Medline: 10881003

Medical and Pediatric Oncology 35(1): 20-27, 2000.

Precursor B-cell lymphoblastic lymphoma in childhood and adolescence: clinical features, treatment, and results in trials NHL-BFM 86 and 90.

Neth O, Seidemann K, Jansen P, et al.


Precursor B-cell lymphoblastic lymphoma (PBLL) is a rare subtype of childhood non-Hodgkin lymphoma (NHL). The purpose of our study was to investigate frequency and clinicopathological features of PBLL in children and to test prospectively the efficacy of an ALL-type therapy for treatment of these patients. PROCEDURE: From October, 1986, to March, 1995, 1,075 patients up to 18 years of age suffering from all kinds of NHL were registered in the two consecutive multicenter studies NHL-BFM 86 and 90. Of these, 27 patients were diagnosed with PBLL. Twenty-one PBLL patients were treated according to a BFM-ALL-type protocol: an eight-drug induction over 9 weeks was followed by an 8-week consolidation including methotrexate 5 g/m(2) x4. Patients in stages I and II continued with maintenance up to a total therapy duration of 24 months, whereas patients in stages III and IV received an additional eight-drug intensification and cranial radiotherapy (12 Gy for prophylaxis) after consolidation. Six PBLL patients were treated according to the BFM-protocol for B-NHL, stratified according to stage and tumor load and consisiting of two to six 5-day courses of chemotherapy.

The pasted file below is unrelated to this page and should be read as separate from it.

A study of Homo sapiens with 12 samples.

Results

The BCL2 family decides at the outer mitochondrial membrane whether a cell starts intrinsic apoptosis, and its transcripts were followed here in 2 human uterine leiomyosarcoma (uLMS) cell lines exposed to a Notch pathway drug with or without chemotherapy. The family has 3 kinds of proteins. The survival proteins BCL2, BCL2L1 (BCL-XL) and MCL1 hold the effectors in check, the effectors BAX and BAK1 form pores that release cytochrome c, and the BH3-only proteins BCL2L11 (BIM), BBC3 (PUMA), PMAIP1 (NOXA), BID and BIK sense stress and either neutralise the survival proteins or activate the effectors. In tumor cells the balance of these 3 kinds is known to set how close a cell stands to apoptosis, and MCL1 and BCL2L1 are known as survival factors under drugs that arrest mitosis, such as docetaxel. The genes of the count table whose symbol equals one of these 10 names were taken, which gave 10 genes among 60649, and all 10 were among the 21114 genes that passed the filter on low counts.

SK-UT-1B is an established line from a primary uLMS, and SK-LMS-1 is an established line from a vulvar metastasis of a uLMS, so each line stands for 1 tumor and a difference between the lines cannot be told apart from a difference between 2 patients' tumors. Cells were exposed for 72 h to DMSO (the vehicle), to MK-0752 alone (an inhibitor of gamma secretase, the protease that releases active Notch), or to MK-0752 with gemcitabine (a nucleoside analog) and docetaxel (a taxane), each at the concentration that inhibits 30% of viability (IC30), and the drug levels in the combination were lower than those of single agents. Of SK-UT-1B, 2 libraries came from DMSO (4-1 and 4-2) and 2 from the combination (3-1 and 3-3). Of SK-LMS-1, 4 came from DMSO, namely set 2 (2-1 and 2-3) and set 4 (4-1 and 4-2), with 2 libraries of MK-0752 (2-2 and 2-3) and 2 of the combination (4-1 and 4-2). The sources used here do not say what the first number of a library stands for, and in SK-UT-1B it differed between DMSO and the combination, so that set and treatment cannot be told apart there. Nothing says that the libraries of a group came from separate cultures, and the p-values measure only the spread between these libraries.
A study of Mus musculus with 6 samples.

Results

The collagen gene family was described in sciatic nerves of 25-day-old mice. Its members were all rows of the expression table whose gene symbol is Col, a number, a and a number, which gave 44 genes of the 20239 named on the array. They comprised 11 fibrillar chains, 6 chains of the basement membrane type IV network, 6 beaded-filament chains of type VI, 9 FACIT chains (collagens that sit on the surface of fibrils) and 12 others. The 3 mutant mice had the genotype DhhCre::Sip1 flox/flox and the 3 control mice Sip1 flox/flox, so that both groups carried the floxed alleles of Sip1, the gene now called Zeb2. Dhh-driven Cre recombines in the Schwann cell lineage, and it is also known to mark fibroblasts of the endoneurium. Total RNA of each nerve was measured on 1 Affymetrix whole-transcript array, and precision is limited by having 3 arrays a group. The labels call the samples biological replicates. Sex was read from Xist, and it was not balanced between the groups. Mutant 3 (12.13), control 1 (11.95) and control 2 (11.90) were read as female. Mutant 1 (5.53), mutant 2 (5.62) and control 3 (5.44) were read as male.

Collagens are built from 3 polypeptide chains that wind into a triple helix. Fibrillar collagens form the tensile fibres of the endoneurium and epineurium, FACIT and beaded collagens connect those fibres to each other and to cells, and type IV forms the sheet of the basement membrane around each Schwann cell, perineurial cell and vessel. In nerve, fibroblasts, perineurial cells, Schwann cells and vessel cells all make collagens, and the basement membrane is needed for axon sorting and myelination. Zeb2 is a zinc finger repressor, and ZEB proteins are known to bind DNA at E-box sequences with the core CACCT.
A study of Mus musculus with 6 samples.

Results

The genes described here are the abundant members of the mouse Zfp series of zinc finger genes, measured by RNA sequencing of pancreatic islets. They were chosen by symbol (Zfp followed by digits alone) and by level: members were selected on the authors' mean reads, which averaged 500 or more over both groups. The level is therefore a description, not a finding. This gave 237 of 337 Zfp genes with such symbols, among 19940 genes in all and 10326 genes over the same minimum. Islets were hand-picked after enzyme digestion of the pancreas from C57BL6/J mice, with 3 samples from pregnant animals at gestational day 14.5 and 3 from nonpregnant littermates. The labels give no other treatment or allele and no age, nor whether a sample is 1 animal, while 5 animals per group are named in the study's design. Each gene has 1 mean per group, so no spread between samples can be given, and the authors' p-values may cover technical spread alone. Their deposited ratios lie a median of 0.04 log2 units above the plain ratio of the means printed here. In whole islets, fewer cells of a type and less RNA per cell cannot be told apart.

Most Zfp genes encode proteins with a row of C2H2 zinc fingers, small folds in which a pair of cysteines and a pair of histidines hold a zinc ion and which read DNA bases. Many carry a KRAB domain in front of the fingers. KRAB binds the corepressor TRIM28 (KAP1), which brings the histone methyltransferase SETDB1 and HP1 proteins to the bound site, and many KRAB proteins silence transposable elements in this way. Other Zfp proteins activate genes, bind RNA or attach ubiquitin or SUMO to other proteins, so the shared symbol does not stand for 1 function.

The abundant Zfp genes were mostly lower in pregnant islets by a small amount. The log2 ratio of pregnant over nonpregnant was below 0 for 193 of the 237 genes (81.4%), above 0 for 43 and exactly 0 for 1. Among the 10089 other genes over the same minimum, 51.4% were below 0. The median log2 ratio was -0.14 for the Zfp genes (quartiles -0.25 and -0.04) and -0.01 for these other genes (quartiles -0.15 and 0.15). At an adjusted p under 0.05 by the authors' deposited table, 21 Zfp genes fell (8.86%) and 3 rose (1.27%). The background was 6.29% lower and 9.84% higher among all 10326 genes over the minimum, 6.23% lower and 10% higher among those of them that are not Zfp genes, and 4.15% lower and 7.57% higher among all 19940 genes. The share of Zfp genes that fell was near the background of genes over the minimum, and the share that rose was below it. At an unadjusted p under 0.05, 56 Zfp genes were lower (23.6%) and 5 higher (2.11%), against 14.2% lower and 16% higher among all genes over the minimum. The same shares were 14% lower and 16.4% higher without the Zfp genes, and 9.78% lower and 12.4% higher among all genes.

The median age of the 27 patients with PBLL (18 boys, 9 girls) was 6.2 (range 0.7-15) years. Stages (St. Jude) were: I (n = 3), II (n = 7), III (n = 9), and IV (n = 8). Twenty-one PBLL patients had nodal disease, 6 patients had subcutaneous manifestations, and 8 patients had bone marrow disease (<25% blasts). All patients achieved remission. With a median follow-up time of 4. 25 years, the estimated probability for event-free survival (pEFS) at 10 years for the total group was 0.73 (SE 0.10). Five patients (2, 1, 1, and 1 patients at stages I, II, III, and IV, respectively) relapsed: 2 of 21 patients who were treated according to the ALL strategy and 3 of 6 who were treated according to the B-NHL-protocol.

PBLL accounts for 2.5% of childhood NHL. An ALL-type therapy strategy appears to be superior to a short-pulse B-NHL protocol. Copyright 2000 Wiley-Liss, Inc.